UNSW Galleries barangga exhibition illuminates First Nations design


Artist Nicole Monks at barangga exhibition with her kangaroo skin bags

UNSW Art & Design Professor of Practice and multidisciplinary artist Nicole Monks at the opening of the barangga exhibition at UNSW Galleries.

Samantha Dunn
Samantha Dunn,

An immersive exhibition of First Nations design invites visitors into the creative process through workshops and videos sharing the stories behind the works.

Barangga, an exhibition and program of workshops at UNSW Galleries, celebrates design and making practices as a vital form of cultural knowledge transfer for Australia's First Nations people. In 2022 UNSW Art & Design Professor of Practice Nicole Monks kicked off barangga as a First Nations-only design gathering. She wanted to build community amongst First Nations designers.

Monks, who is a multidisciplinary creative of Yamaji, Wajarri, Dutch and English heritage, explains: “I wanted to create a space where mob could get together, which is something we don’t really get to do very often, and talk about our industries and how they were evolving.” And so, a group of First Nations designers from fields as diverse as furniture, architecture, public art, textiles and toolmaking, got together and presented to each other. “We held round tables about best practice, designers ran workshops, and we created collaborative artworks.”

“Gathering the design mob together was a way of reconnecting with our shared history,” says Monks, “and also supporting each other in working within the Western design industry. We’ve started to create connections across our networks which will be invaluable in the future for growing a First Nations design industry.”

As they gathered and shared, they found themselves buoyed by each other, grounded by the relationships they built and inspired by the ideas and practices they shared. “When you look at the complexity of design and connection to country you realise how much we have to share. You know NASA are using the boomerang shape? It's phenomenal the design that has gone into creating an object that can return to you after you can throw it in the sky. I think people have a skewed view about what mob was doing here before colonisation. And the fact of the matter is, there was intricate, complex, innovative use of materials that are still extremely relevant today.”

The barangga mob decided to create an exhibition, which Monks then curated, to celebrate and share design and making practices as a vital part of cultural knowledge transfer in First Nations communities across Australia. And the exhibition coinciding with NAIDOC Week is also by design, as the 2023 NAIDOC theme For Our Elders acknowledges the importance of community practices and intergenerational knowledge exchange, a central part of the process of making for all the artists featured.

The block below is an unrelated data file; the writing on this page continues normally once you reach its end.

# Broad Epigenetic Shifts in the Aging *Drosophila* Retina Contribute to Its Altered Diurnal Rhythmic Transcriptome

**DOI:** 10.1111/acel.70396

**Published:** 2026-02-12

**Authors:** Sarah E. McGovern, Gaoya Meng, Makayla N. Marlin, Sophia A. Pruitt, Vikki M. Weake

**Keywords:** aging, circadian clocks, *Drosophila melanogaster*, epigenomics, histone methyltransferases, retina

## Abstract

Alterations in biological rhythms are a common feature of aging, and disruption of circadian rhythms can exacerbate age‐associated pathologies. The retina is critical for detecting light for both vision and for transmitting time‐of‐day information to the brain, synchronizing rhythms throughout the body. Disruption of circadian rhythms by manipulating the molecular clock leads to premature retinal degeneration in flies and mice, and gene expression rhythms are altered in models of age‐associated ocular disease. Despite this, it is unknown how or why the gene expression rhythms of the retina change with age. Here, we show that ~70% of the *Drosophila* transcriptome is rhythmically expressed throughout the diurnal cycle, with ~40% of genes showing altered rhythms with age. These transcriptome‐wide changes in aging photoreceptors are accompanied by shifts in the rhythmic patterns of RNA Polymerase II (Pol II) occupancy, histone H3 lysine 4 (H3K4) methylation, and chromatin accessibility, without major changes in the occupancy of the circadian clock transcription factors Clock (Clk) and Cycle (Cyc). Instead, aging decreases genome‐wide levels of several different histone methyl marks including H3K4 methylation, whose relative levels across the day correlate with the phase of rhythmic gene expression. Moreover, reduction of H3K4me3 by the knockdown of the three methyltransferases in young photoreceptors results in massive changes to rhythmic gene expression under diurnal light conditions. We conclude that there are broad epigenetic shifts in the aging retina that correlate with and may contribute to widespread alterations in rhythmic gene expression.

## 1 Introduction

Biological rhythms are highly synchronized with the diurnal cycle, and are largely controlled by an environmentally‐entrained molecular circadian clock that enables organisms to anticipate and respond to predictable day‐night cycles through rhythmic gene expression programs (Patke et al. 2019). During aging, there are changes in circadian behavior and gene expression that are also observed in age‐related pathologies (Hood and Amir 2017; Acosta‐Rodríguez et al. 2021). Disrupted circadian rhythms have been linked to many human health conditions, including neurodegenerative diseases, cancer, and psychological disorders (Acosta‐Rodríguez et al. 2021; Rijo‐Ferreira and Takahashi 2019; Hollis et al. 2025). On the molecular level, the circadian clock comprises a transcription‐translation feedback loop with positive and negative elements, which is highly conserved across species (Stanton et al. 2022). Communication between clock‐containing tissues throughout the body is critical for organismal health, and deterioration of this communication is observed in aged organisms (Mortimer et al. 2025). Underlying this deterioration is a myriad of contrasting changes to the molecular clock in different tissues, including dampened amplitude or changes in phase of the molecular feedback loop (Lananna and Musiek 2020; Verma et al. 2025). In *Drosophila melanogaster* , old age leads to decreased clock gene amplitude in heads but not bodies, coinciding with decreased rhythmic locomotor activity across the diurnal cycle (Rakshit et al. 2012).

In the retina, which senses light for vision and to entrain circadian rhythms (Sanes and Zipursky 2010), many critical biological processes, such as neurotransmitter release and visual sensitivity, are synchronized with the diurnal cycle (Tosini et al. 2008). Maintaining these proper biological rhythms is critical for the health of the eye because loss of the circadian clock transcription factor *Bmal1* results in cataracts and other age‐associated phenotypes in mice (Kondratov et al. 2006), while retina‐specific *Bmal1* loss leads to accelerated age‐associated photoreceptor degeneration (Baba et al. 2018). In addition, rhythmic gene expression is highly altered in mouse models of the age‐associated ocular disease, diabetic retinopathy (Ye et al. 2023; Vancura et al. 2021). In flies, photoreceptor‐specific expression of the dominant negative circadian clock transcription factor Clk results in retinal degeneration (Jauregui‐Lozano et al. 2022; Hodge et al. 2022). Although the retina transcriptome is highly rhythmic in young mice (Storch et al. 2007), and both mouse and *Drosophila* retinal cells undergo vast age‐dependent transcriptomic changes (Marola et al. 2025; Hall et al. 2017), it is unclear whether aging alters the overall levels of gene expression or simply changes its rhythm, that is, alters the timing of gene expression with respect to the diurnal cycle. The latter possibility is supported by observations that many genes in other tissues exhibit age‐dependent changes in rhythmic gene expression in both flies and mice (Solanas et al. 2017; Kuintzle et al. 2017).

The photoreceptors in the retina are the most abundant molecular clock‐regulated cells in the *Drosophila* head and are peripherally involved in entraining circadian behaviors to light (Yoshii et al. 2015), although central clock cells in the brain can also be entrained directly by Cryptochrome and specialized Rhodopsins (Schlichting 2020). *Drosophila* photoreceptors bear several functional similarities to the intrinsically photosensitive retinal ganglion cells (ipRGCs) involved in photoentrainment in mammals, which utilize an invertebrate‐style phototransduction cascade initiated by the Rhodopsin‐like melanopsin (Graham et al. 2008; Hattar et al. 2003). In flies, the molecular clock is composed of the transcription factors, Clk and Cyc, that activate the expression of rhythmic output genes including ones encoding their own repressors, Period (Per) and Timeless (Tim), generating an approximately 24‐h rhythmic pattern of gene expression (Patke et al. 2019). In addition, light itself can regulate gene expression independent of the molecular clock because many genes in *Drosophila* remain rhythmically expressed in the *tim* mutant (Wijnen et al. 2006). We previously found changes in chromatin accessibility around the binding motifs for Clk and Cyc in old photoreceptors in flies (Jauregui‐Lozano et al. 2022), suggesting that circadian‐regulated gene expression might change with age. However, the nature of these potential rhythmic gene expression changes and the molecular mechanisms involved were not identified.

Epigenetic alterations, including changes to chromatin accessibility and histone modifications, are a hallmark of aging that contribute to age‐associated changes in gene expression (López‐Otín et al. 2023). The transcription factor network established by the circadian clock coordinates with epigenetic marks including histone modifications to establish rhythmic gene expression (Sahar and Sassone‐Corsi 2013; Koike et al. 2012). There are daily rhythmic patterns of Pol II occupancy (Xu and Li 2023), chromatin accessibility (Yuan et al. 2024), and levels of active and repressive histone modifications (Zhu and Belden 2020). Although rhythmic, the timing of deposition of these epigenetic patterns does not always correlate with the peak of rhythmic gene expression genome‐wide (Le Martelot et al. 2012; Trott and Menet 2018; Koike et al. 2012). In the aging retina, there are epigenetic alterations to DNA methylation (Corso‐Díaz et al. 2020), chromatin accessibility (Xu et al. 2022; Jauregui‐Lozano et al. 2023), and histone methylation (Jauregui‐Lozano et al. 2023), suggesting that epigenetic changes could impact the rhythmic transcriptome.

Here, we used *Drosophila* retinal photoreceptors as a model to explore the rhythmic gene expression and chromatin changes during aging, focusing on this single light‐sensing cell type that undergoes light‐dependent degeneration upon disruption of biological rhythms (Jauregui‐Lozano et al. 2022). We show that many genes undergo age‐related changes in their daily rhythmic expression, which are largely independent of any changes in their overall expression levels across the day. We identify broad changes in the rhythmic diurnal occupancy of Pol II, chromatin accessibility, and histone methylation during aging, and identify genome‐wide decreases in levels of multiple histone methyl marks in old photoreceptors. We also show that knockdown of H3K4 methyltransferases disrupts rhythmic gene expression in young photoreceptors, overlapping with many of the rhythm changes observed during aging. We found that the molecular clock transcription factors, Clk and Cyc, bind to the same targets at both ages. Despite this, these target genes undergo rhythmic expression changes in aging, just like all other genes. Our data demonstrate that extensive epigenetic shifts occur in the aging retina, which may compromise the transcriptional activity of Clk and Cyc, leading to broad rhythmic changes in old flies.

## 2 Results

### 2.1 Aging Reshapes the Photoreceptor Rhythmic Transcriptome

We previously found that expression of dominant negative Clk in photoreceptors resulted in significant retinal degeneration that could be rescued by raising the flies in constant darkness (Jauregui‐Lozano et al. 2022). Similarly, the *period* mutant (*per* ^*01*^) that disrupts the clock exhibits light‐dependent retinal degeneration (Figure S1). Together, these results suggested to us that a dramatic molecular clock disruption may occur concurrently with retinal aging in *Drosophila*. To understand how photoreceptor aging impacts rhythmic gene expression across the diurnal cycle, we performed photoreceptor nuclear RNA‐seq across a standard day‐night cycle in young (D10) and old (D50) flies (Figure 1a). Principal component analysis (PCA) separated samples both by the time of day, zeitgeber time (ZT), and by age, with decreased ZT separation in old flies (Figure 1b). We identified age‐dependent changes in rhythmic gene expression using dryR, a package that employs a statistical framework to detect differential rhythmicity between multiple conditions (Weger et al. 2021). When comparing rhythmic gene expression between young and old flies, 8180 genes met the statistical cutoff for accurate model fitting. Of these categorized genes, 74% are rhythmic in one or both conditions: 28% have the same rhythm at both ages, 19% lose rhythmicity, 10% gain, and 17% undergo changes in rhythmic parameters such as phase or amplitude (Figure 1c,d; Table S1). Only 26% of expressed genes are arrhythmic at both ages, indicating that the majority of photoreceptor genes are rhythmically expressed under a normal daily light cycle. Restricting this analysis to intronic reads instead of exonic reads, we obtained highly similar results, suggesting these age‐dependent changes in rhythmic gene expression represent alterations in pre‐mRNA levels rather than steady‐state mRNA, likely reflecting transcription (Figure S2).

“Barangga emphasises the importance of making in continuing our culture, sharing our histories, and creating pathways for the next generation,” says Monks. “It's not just about that final product. It very much is about those connections creating community learning by doing or touching. It's the journey that you go on. So, for example, in the exhibition there's some kangaroo pelt bags that were made with my Elders and children. There was an intergenerational workshop and we all went out to country first, then came back to the city and made the bags.

“For mob, our DNA is imbedded within our making, our person becomes part of our materiality.  It's about those deeper connections. How the making becomes part of the final product.”

Philosophies of sustainability also anchor the artists. “We can make from the body (like hair string) and our environment as well and these are thoughtful and sensitive, so there’s no waste. We make canoes so that we don’t kill the tree… We design systems so the mob down the river will still have plenty. We are aware of the intention of making and magic that is held within belongings and materials. Every time we take from the world around us, we need to think of the multitude of relationships, connections and patterns that that material will affect.”

The exhibition runs until July 30 and includes works by Debra Beale, Sharyn Egan, Luke Russell and Leanne Tobin, alongside a project created by a group of 10 Yamatji women and children. Also on display at UNSW Galleries is ‘Turrangka… in the shadows’, a 10-year survey exhibition by First Nations artist James Tylor, whose practice combines historical and contemporary photographic processes to explore cultural identity and what he calls “cultural repatriation”.